My local library system has partnered with my local power company to make Kill-A-Watt energy meters available for check-out, just like a book or video. A few weeks ago, I checked out a Kill-A-Watt. These things look like a remote control and a power strip had a baby. You plug your appliance into the Kill-A-Watt, and plug the Kill-A-Watt into the wall. The meter monitors and records the energy being consumed by your appliance in Kilowatt Hours (kWh).
I have been curious (concerned) about the power consumption of our two garage freezers. We use these to store the seafood, game, grass-fed beef and locally raised lamb we buy in bulk. We purchase from farmers and from a meat and seafood wholesaler I have worked with since my professional chef days.
I’ll admit, I really like having a freezer full of meat. It makes me feel food secure, and between the freezer and the veggie garden the frequency of my grocery store and Costco trips is pretty limited. We have consistent access to meat and seafood we feel is more ethical to consume, and in theory we save money and gas over weekly or more frequent trips to Whole Foods.
All that happy squirrel-with-a-nut stuff aside, I’ve had this nagging feeling that paying for the electricity to keep all this stuff frozen might be seriously cutting into the savings we realize from buying in bulk.
Naturally the first thing we plugged into the Kill-A-Watt was our pair of freezers. The freezers are both upright models. These are less efficient than chest style freezers but were the best we could do in our space arrangement. One is relatively new and Energy Star rated, the other is fairly old and almost certainly not rated for anything. Here’s the results:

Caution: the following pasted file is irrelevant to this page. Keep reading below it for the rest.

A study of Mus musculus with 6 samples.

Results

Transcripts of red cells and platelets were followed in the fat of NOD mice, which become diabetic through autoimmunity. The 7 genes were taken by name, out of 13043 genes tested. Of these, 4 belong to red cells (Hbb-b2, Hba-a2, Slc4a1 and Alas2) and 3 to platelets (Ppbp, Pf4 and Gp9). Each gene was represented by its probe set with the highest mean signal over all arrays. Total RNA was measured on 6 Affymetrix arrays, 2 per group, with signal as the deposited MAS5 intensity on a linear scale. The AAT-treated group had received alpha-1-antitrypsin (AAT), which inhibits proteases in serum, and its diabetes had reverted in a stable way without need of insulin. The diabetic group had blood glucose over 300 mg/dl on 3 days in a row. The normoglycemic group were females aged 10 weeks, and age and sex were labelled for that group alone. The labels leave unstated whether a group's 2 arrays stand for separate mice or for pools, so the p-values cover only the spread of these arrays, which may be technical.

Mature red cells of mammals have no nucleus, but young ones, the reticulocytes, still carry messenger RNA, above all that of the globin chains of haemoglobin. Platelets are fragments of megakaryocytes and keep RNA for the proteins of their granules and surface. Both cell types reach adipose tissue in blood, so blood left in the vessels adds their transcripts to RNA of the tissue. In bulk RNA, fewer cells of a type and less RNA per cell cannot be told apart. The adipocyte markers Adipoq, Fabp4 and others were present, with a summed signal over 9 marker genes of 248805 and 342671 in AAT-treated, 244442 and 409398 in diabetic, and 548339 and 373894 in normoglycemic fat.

- The freezers were plugged into the Kill-A-Watt for 670 hours. This is just under 28 days.
- Over that span, they consumed 104 kWh.
- This works out to 3.725 kWh per 24 hour period.
- Our electrical rates are 8.04 cents per kWh. Note that this is quite low. The 2007 national average was 10.65 cents, so we have a smoking good deal on electricity up here in the Seattle area.
- At current electrical rates, we pay about 30 cents a day to operate our two freezers.
- Assuming that usage over that 28 day period was relatively standard, we should expect the annual electrical consumption of both freezers to be about 1360 kWh, with an annual operating cost of about $110.
Interestingly, the Energy Star estimate of the newer freezer puts the annual consumption at 690 kWh, with an estimated annual operating cost of $73. Multiply that by two (cause we are talking two freezers here) and our Kill-A-Watt generated numbers are extremely close to the estimate numbers.
But what does that all mean? Well, here’s a comparison. A 60 watt light bulb left on all day would consume 1440 watt hours. This equals 1.44 kWh. So powering both our freezers uses the same energy as leaving 2.6, 60 watt incandescent bulbs on all the time.
So what I’ve learned is that, at current electrical rates, it continues to be economically beneficial for us to buy our meat and seafood in bulk and store it ourselves. This does not, of course, address the environmental issues with our up-sized energy consumption.
I will admit that this particular dilemma is something I struggle with. In order to run my home in a way that allows me to support farmers and food production systems I believe in, I am using additional energy resources. These may or may not be offset by the greatly minimized food-miles my meat travels, and the reduced trips I take to the store. I don’t know.
In order to serve meat that is, in my opinion, quantifiably healthier for my family, I am using a shit-load of Cryovac freezer plastic to keep it all in prime condition.
In preserving and procuring and planing ahead, my spoils are made dependent on an energy grid that can (and eventually, in some windy winter storm or another, will) fail.
I do not have any good answers. I know that attempting to balance the role of my homestead in the larger world can sometimes be tricky. A plethora of good small changes compete for my time and attention and not all of them are simultaneously possible to implement. Some bad things cannot be brushed aside, because without a little bad, the better isn’t possible at all. And many things are in that awkward in-between place where the good-bad accounting gets muddy.
How do you balance preparedness, personal economics, energy consumption, food-systems support and the like?